Sunday, June 7, 2009

World Wise School connections

One of the greatest joys of my Peace Corps service in Mali comes from sharing my life and experiences with those I love most through letters, emails and blog posts - and also with those I don't know well at all! Since I installed in my village in September and the American school year coincedentally began I've been keeping a correspondence with two schools back in Virginia: North Landing Elementary School in Virginia Beach and Stone Bridge HIgh School in Ashburn.
Mrs. Shellnutt at NLES and her 3rd grade class studied ancient Mali in January and we skyped with one another where I talked about modern Mali and the students asked about what elements from ancient Mali are still around such as the salt trade, the ancient library in Timbuktu and if there are camels and elephants in Mali (there are up North!). Her class also collected school supplies and treats to share with the kids at the school in Zana (thank you so much, the kids love them!). They sent great letters and sweet valentine's and birthday cards. Thank you for bringing me so many smiles NLES 3rd graders!
Ms. Doughtery at SBHS had her 9th grade class write me letters asking questions about Mali and my life here and it was refreshing to hear what questions were on their mind and neat to see them reflect on their lives in comparison to young adults their age in Mali.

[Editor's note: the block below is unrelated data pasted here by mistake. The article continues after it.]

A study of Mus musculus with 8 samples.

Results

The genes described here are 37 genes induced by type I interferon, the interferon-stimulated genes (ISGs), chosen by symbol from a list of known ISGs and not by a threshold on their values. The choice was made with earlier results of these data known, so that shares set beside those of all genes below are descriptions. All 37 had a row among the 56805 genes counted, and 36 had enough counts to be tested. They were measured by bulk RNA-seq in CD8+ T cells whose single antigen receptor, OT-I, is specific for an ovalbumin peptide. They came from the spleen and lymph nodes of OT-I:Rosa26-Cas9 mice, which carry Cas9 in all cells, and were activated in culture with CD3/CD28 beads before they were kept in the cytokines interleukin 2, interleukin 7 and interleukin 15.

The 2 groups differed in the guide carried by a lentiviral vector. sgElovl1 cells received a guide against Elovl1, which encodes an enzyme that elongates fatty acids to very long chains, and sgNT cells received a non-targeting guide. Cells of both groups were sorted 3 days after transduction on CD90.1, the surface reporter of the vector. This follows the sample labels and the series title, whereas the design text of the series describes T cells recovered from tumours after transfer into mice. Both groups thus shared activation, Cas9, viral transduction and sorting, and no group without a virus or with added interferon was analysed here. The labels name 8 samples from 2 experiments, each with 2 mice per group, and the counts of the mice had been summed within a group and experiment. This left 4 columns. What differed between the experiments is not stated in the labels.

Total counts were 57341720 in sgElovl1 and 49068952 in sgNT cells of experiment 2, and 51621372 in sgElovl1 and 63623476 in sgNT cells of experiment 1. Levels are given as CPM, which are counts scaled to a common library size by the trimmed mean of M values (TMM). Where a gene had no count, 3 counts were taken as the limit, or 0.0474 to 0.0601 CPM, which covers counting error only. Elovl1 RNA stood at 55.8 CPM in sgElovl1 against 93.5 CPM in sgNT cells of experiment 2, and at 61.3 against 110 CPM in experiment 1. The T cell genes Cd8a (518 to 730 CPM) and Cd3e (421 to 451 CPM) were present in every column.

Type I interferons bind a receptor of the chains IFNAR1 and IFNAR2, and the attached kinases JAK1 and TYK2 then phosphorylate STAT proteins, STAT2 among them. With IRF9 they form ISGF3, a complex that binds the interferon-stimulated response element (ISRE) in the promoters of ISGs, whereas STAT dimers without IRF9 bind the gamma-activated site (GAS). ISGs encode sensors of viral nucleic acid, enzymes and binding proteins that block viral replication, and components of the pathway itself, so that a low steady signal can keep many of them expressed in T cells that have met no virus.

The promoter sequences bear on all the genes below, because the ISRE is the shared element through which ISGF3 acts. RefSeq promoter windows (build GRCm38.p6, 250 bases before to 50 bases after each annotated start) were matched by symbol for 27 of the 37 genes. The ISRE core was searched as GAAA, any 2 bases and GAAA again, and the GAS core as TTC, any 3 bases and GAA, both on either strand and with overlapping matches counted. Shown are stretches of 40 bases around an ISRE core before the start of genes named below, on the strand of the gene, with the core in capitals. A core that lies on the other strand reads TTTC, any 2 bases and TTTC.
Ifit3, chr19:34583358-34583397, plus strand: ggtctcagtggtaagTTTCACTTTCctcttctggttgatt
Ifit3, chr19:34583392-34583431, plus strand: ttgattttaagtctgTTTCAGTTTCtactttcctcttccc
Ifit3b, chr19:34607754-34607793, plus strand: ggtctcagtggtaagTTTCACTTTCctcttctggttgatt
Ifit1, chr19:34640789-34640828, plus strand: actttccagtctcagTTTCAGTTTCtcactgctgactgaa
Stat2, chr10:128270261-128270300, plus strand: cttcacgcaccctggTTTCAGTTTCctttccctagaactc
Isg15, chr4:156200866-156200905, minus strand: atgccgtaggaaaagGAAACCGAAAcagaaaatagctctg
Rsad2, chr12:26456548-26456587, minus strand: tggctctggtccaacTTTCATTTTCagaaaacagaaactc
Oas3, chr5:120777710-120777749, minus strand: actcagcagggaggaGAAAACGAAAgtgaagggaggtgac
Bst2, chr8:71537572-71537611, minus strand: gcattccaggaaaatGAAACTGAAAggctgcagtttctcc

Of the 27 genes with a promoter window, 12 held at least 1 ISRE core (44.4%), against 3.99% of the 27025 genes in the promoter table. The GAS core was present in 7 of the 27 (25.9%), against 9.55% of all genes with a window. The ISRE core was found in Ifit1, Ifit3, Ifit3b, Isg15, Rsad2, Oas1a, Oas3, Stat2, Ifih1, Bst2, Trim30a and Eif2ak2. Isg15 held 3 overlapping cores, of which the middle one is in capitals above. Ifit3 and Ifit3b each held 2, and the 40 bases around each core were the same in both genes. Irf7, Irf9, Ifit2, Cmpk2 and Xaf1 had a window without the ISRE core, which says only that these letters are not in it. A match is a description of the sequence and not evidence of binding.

One of my best friends, Marija, flew in from America last night where my friend Khadi and I picked her up. and is here safe and sound. Khadi is a banker in Bamako and knows some folks at the airport so Marija was whisked through the visa line (big time saver) and escorted out with her bags (she's the best packer, a small duffel bag and a carry on bag; I would have brought waaaay too much). We made it safe to San today after an initial bus break down and are ready to embark on the adventures Mali and Zana have to offer. Wedding festivities in village, hiking in Dogon country, shopping for souvenirs in Sevare, dinner on the Bani river, meeting Malick Sidibe in Bamako and maybe even a camel sighting if we're lucky. On the bus today a man asked where we were going and I explained that my best friend was here to visit me from America. "All the way from America??" he asked. "That's right," I said, "over 14 hours in an airplane!" "She's good, she is very, very good," he said. I'm going to have to agree on that one.